A committee that was struck to explore the possibility of launching another Olympic Bid has determined that it will likely cost Calgary taxpayers about $2.4 billion to host the games.

The Calgary Bid Exploration Committee (CBEC) presented its findings to council on Monday and estimates the total cost to host the 2026 Olympic and Paralympic Winter Games at $4.6 billion.

The CBEC says $2.2 billion would come from revenue generated from the games but that the city would be on the hook for the rest of the costs.

The committee says operating costs are expected to exceed operating revenues by $425 million and that a number of additional costs need to be considered like security, accommodations and facility construction and renovations.

Officials say existing facilities would be reused and upgraded to reduce the funding requirements.

The budget includes a contingency of $450 million as well as $135 million for endowments to ensure the facilities can continue to be used after the games.

“One of the things we identified from looking at some prior Olympic Games was the failure to account for post-Games operation and maintenance of facilities in their budgets,” said Rick Hanson, CBEC Chair, “While this adds cost, our Board felt it was a necessary addition to a prospective budget.”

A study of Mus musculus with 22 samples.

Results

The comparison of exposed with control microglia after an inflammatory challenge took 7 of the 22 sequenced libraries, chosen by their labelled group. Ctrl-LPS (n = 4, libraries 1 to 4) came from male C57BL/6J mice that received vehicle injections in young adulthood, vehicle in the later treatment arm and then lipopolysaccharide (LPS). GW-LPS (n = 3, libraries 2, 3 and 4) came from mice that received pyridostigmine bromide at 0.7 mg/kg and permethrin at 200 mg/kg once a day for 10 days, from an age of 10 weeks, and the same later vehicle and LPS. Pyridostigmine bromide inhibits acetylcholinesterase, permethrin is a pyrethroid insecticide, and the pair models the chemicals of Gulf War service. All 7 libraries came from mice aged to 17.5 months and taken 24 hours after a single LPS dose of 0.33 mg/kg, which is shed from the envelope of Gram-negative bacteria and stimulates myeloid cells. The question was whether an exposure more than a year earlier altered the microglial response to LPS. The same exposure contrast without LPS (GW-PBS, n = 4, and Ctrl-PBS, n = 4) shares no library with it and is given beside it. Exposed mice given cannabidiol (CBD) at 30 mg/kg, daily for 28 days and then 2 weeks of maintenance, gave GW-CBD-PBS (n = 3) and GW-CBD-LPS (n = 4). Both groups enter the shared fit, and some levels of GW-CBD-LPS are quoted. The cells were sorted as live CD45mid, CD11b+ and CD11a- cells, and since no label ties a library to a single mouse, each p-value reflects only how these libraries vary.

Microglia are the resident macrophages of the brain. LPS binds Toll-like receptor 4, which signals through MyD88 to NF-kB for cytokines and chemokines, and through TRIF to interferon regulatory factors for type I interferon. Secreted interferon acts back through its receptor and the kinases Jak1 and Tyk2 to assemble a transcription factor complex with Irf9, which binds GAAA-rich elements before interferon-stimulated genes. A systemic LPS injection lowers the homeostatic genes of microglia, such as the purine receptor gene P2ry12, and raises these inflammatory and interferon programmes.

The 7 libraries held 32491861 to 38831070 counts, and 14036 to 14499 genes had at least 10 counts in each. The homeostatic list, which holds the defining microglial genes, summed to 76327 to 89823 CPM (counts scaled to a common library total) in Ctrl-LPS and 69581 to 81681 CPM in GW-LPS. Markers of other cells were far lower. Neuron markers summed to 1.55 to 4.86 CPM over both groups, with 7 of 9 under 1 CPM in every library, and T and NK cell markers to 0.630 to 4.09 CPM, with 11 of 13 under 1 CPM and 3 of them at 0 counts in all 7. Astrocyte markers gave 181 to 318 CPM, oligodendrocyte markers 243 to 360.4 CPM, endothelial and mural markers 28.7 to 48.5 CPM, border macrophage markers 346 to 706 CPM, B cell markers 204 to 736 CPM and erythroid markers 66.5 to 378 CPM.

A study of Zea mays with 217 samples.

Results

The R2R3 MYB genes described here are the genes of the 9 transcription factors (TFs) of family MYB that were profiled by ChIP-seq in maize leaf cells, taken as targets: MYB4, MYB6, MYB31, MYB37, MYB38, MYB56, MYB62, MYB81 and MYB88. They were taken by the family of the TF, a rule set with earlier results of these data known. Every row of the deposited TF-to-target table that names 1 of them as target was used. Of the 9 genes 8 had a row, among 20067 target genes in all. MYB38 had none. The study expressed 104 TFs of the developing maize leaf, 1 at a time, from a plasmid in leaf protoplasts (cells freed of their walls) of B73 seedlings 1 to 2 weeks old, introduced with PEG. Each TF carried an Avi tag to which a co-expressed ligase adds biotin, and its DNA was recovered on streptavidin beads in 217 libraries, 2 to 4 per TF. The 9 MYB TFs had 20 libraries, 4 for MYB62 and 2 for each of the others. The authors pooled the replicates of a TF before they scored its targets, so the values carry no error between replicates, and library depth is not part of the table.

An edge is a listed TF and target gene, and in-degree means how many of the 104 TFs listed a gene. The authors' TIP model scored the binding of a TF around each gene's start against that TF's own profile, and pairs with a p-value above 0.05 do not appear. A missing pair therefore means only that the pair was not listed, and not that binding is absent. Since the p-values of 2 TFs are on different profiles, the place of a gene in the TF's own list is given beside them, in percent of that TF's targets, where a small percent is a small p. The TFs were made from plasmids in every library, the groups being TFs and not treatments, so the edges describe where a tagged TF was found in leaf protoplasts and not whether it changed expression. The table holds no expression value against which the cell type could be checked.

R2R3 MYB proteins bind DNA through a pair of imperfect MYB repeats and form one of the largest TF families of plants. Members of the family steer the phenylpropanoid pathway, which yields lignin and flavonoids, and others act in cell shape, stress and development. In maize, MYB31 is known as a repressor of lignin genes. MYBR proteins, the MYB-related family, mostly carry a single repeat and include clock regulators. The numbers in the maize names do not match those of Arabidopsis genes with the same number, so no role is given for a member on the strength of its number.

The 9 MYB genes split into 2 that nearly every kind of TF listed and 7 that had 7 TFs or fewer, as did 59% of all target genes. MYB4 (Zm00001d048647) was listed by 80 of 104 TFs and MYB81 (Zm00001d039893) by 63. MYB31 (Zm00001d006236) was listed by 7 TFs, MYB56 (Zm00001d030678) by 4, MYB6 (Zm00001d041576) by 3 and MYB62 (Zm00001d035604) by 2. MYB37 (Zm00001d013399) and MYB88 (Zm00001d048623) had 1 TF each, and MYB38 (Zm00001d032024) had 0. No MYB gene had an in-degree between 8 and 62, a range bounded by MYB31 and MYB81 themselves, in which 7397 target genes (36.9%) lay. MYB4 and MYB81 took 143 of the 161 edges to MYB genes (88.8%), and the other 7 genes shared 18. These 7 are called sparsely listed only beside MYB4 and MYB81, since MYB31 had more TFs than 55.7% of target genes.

It is estimated that the IOC will contribute about $700 million to host the games and that another $1.14 billion will be generated through domestic sponsorships and ticket sales.

According to research by the Conference Board of Canada and Deloitte LLP, the games could bring in between $2.2 and $2.6 billion in GDP, which includes about $500 million in tax revenue.

“When looking at the economic impact, those are things that we know are going to be scrutinized. We had two different organizations do the impact assessment for us and so those are the numbers we’re presenting,” said Hansen.

The committee added that it would also need to build two NHL sized arenas and a new fieldhouse and the mayor says he’s concerned about running an operating deficit in the $450 million range.

“I can get my head around finding capital for this. I'm going to have to take a lot of convincing to be told we should be running an operating deficit in that range while other parties like the IOC and the COC actually make a lot of money off of sponsorship and TV rights so really the risk cannot entirely be held by the host city, in my opinion, so there remains a lot of questions I want to ask,” said Mayor Nenshi.

“It’s clear that we need two arenas to host the games, there was in Vancouver, there will be for any winter games and we’re relying on the fact that we just identify the information, we identified the venues that are required and then we just wait and see the decisions that are made in council and whether they support what’s necessary for the games,” said Hansen.

The committee will consider its final recommendations over the next month and will present its report to the city on July 24th.